Study finds Swiss more tolerant of right-wing extremism

Around 1,000 people took part in a demonstration against right-wing extremism earlier this year in canton Bern Keystone Archive

Right-wing extremist views are gaining increased acceptance in Switzerland, according to a new report, which blames the rise of populist politicians and conservative groups for the change.

This content was published on June 18, 2001 minutes

Presenting the study in Bern on Monday, the Swiss section of the Society for Threatened Peoples said the Swiss were becoming more open about airing right-wing views in public.

It said some of the views expressed publicly could infringe anti-racism laws and ethical rules governing the press.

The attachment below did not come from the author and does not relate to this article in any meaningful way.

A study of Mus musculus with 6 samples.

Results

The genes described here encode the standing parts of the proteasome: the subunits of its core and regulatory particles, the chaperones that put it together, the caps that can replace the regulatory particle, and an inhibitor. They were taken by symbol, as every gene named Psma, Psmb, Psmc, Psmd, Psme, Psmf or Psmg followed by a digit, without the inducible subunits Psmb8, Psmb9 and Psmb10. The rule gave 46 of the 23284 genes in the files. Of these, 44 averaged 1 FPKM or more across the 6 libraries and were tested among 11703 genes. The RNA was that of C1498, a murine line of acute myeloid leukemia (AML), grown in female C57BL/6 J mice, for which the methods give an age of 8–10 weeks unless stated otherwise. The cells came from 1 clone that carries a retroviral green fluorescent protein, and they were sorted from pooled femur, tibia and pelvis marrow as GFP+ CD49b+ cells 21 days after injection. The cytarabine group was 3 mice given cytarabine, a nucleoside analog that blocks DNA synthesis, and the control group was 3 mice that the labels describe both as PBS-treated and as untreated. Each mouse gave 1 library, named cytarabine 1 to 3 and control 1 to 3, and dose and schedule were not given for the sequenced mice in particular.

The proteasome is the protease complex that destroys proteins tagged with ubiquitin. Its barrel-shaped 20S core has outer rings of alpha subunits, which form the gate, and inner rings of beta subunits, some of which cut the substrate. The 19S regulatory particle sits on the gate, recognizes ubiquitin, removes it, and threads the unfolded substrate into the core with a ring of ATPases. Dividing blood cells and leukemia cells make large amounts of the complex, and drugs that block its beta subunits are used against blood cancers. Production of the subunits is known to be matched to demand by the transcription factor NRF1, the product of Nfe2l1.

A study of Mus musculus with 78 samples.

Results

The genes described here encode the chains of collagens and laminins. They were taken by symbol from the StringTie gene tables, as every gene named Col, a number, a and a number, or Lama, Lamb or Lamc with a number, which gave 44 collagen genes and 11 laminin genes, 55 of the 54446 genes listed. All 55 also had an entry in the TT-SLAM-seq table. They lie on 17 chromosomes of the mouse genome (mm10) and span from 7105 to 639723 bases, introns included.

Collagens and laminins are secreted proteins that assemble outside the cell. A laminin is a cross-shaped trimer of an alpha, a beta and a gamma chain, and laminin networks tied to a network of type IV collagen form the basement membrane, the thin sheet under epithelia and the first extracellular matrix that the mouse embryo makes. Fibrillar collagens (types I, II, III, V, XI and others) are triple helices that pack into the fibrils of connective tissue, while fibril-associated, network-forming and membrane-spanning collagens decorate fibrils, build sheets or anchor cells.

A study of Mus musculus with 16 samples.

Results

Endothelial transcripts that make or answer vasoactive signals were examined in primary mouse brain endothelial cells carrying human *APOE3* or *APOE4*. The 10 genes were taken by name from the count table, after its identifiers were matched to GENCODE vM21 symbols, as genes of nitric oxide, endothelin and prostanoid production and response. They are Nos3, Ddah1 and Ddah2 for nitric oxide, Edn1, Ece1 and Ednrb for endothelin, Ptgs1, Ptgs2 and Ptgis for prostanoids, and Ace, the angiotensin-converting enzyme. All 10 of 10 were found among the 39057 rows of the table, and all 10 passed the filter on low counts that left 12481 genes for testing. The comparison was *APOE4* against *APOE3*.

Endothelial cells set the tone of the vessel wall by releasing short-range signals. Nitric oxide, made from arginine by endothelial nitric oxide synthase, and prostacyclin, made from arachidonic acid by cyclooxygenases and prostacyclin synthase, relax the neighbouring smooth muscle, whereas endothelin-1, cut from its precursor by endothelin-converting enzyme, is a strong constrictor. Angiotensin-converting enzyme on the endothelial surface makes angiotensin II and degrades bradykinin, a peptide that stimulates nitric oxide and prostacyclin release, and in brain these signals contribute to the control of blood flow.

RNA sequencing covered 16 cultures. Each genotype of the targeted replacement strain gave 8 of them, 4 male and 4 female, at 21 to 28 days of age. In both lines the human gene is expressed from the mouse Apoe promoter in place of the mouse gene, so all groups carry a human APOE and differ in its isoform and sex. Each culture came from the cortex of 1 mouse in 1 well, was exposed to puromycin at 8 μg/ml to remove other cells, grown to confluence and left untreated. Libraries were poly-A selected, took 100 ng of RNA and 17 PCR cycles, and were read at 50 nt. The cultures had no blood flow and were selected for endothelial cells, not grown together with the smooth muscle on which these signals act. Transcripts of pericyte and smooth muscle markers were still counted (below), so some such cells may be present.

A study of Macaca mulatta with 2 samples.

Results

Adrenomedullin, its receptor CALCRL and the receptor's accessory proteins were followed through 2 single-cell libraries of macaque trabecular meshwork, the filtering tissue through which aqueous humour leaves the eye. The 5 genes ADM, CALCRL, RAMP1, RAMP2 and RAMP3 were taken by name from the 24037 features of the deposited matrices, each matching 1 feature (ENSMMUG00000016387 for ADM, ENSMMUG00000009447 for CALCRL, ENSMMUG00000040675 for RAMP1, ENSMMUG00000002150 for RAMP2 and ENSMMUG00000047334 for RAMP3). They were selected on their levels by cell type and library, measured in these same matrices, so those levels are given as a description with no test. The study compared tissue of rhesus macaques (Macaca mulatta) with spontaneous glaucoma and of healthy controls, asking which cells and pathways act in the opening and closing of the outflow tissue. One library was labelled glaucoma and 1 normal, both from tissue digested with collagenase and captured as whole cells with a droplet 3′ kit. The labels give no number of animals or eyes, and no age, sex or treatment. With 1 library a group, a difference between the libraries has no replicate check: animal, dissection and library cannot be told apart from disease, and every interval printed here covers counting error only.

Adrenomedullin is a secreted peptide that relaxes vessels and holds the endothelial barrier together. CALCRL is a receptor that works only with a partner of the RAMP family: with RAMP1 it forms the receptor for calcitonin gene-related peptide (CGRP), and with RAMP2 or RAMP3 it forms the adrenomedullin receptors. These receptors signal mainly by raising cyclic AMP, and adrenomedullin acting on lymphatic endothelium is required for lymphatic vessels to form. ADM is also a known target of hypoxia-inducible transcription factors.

The group said a systematic analysis of various right-wing publications showed that in the early 1990s the debate on asylum and the rights of foreigners had been strongly influenced by the Swiss far right.

It said that by the mid-1990s the arguments of the far right had been picked up by mainstream political groups, giving them greater credence.

According to the Society's president, Ruth-Gaby Vermot, a Social Democratic member of parliament, the findings showed the need for a new debate on the country's anti-racism laws.

Vermot also called for foreigners and asylum-seekers in Switzerland to be given the status of a "protected group".

On Friday, the government acknowledged that right-wing extremism posed a growing threat. It announced that it had set aside an extra SFr4 million ($2.25 million) to tackle the problem following a three-fold rise in the number of right-wing incidents last year.